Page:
Vaccinations are one of the most incredible inventions from modern medicine. They have eradicated lethal diseases that have previously wrecked havoc on humanity.

And yet, despite doctor’s reassurance and evidence that cites the safety and value of vaccination, many educated, dedicated parents are still wary of vaccines.

Although national immunization rate has been stable over the past decade, it’s still below the government’s goal of 80%.

In certain areas, some parents are delaying shots for their kids or skipping ones altogether, citing religious or philosophical exemptions.

As a consequence, there have been recent outbreaks of serious diseases that vaccines had virtually wiped out in the U.S, including measles, mumps, whopping cough and haemophilus influenza type b.

Disease specialists say these cases are due to what’s known as the “herd immunity”. If a community is to be fully protected against a disease, 80 to 90 percent of its population needs to be vaccinated.

Whenever coverage drops below that level, a school, a church or a neighborhood becomes susceptible. Babies who aren’t old enough to get the shot are at the most risk.

The Council of Foreign Relations have released an interactive map showing the horrible outcome of not getting vaccinated, which now published on the Vaccines Work website.

This interactive map gives a gut sinking tour of global outbreaks of measles, mumps, rubella, polio and whooping cough from 2008-2017. These diseases have fatal consequences, yet are easily prevented by vaccines.

According to statistics, 146,000 people around the world will die from measles each year, mostly children.

The US has also seen a  dramatic increase in whooping cough, which causes around 195,000 deaths per year.

The majority of these deaths occur in impoverished regions with very little access to vaccines. In the case of developed countries like US or UK, they shouldn’t be occurring at all.

The Big Fear

Why do some parents object to getting their kid vaccinated? The most common answer is: autism.

Many people believe that the increase number of vaccines -children now get twice as many as they did in 1980 and can receive up to 20 injections by their first birthday – are to blame for the rise in kids with autism spectrum disorders.

This idea became well known when Andrew Wakefield, M.D, a British gastroenterologist, published a study of 12 children in the Lancet that linked the measles, mumps and rubella combination vaccine with intestinal problems that he believed led to autism.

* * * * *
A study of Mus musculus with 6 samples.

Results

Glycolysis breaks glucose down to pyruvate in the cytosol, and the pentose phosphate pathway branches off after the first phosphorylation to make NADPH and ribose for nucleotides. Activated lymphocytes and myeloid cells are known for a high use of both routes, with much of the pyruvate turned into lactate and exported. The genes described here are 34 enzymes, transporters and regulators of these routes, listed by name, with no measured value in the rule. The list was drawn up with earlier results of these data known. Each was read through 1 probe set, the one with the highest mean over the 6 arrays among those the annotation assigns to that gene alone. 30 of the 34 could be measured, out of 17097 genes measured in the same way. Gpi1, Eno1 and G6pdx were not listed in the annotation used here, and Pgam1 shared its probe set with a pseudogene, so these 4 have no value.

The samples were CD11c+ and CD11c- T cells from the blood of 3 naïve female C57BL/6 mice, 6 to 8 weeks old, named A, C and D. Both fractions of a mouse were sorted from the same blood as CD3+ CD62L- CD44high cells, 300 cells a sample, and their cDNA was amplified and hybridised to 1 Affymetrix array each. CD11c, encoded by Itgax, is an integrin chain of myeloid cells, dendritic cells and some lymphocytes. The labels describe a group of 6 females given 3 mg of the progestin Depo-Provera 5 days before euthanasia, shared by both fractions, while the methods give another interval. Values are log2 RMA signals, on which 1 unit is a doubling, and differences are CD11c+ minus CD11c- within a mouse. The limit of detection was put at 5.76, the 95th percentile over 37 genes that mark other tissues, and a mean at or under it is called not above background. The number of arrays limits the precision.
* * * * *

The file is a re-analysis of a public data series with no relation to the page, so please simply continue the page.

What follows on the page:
The vaccine-autism hypothesis was solidly in the mainstream by the time actress Jenny McCarhy went public with her belief that vaccines cause her son’s autism. This was enough to scare any Mother.

However, at least 7 large studies in major medical journals have found no association between the MMR vaccine and ASD.

Also, the Lancet officially retracted Dr. Wakefield’s original paper (as he has failed to disclose connections to lawyers involved in vaccine litigation).

Furthermore, several demographic analyses have found that autism rates continued to rise after thimerosal was removed from all vaccines, except flu shots.

So, why are there so many reports of children developing autism after getting vaccinated?

Experts believe it’s almost certainly coincidental. Children get their first dose of the MMR vaccine at 12 to 15 months, the age at which autism symptoms become noticeable, says Paul Offit, M.D., director of the vaccine education center at Children’s Hospital of Philadelphia and the author of Autism’s False Profits: Bad Science, Risky Medicine, and the Search for a Cure. “It’s the same reason why there are reports of SIDS deaths after DTaP (diphtheria, tetanus, and pertussis) immunizations,” says Dr. Offit. “Infants start the DTaP vaccine between 2 and 6 months, which is the time they’re also most likely to die from SIDS.”

Of course, this doesn’t mean that there aren’t any risks when it comes to vaccines. However, the risks far outweigh the cons. Doctors say the odds of experiencing a vaccine-related injury are greatly outweighed by the dangers of catching a vaccine-related injury.

For example, the DTaP vaccine causes seizures or temporary shock-like state in 1 in 14,000 people, and acute encephalitis (brain swelling) in 11 in 1 million. But the diseases it prevents – diphtheria, tetanus and pertussis – are fatal in 1 in 20 cases, 1 in 10 cases and 1 in 1,500 cases, respectively.